Did Egyptians really build the Sphinx?


Egyptian Pyramid Image Gallery People have questioned whether the ancient Egyptians actually built the Sphinx and Great Pyramids. See more pictures of the Pyramids.

Between the paws of the Sphinx stands the Dream Stela of King Thutmose IV, New Kingdom era ruler from 1400 to 1390 B.C. The tablet recounts the tale of young Thutmose, who fell asleep one day in the shadow of the Great Sphinx. In a dream, the Sphinx appeared to Thutmose as the sun god, Horus, and asked for protection from the encroaching sands. In exchange, the Sphinx promised Thutmose the Egyptian crown. Both held up their ends of the bargain, and the future pharaoh completed one of the first ancient restorations of the Great Sphinx.

Over time, the wind and sand of the Giza plateau mistreated the Sphinx, contorting its colossal face into a frightening, otherworldly visage. In fact, the Arabic name for the Sphinx is Abu-Hol, or Father of Terror.

This mystical nature of the Great Sphinx has attracted fringe theories about whether the creature has a more supernatural origin -- including a possible link to the Lost City of Atlantis. The Egypt-Atlantis connection has been around since Plato first wrote about the utopian civilization. Around the turn of the 20th century, American psychic Edgar Allan Cayce said he had a vision about a chamber beneath the Sphinx that held the secret to the whereabouts of Atlantis. Cayce, who died in 1945, claimed this chamber would be discovered in 1998 [source: Jehl].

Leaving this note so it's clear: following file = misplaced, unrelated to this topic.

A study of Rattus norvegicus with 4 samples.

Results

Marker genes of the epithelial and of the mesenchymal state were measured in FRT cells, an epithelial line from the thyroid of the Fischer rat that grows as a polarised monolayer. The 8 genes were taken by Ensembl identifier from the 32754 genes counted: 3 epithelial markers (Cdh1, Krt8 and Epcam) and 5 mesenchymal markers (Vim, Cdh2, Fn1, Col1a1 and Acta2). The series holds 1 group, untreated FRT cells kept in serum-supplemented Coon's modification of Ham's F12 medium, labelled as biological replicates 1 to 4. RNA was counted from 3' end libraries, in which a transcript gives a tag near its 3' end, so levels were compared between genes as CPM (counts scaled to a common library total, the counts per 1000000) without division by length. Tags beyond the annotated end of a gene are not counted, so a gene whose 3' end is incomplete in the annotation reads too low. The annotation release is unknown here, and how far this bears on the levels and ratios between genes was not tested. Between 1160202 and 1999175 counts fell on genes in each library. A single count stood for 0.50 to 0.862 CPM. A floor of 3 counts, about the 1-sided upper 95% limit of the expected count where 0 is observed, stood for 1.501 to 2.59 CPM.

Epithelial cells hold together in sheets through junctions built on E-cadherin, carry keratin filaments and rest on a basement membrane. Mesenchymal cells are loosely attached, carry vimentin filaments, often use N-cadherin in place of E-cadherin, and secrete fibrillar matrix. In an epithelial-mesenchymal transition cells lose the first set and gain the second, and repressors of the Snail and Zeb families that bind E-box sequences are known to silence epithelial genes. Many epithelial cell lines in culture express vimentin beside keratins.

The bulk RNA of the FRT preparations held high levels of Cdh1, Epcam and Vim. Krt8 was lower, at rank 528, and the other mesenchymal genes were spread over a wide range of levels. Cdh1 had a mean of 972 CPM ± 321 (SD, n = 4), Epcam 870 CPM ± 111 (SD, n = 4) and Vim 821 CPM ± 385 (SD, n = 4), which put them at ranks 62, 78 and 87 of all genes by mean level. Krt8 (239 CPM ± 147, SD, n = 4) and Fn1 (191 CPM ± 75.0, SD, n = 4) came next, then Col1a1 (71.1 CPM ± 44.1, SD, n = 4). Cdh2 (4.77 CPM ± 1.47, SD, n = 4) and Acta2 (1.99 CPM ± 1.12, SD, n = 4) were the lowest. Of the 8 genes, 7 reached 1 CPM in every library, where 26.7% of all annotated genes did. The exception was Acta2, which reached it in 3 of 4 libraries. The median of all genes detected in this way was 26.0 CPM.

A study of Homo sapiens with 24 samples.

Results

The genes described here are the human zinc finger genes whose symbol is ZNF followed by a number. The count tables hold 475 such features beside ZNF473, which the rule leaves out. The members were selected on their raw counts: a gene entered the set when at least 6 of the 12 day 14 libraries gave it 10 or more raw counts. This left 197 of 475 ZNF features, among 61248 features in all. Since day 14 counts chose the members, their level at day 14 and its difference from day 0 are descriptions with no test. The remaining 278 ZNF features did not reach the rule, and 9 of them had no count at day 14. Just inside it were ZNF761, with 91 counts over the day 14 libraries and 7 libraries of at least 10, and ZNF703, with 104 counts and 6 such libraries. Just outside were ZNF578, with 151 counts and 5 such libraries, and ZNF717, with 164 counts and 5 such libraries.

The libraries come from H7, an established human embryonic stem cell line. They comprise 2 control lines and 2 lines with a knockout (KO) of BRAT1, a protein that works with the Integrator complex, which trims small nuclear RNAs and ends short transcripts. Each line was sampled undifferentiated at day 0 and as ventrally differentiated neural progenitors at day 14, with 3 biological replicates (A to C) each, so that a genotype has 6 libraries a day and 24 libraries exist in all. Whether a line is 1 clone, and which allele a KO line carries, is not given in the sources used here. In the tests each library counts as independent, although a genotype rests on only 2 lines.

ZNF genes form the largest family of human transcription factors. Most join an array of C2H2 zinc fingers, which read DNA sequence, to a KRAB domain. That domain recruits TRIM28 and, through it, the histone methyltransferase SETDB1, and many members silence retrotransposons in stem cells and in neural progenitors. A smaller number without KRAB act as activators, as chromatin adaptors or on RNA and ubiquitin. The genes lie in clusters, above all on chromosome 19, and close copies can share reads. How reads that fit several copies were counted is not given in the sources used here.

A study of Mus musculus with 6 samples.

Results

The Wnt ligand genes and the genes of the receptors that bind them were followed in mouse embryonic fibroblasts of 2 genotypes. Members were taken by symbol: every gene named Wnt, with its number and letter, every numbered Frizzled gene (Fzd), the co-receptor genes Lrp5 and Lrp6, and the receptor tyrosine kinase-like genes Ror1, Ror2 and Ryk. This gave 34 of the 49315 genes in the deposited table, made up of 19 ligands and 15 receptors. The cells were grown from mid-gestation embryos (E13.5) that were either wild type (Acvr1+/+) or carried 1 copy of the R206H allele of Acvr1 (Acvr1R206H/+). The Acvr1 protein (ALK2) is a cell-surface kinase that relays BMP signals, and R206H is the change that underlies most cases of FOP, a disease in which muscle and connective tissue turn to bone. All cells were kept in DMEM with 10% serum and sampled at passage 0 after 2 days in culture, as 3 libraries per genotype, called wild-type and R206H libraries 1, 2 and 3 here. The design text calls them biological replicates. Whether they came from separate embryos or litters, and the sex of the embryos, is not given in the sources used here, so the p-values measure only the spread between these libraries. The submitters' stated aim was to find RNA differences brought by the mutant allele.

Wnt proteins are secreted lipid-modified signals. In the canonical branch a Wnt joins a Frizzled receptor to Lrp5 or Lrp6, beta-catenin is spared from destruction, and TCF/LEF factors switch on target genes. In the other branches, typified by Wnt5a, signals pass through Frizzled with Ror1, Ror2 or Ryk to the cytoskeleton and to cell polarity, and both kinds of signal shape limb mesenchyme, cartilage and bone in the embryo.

No one's found the Atlantis chamber, but geologists and amateur historians haven't abandoned the notion by challenging the widely accepted age of the Sphinx. In 1996, a pair of controversial Egyptologists claimed that rain, not just wind and sand, caused significant erosion of the Sphinx; geologists backed up their claim. Considering that the region's moist prehistoric climate shifted to current arid conditions around 4,000 B.C., rain damage would indicate that the Sphinx was built well before Khafre's time.

The disparate style of the Great Sphinx compared to surrounding structures and the disproportionate size ratio of the head to the body have also led researchers to question the relic's age [source: Daily Mail]. If their theories are correct, a highly advanced society predated the Egyptians and disappeared from history without a trace.

Zahi Hawass, secretary general of Egypt's Supreme Council of Antiquities, regards such conjectures as sensationalist nonsense. No other artifacts from the Giza Necropolis predate ancient Egypt, and seismic readings don't reveal hidden cavities below the Sphinx. For Hawass and other archaeologists, the only riddle of the Sphinx left unsolved is how to protect it against the literal sands of time.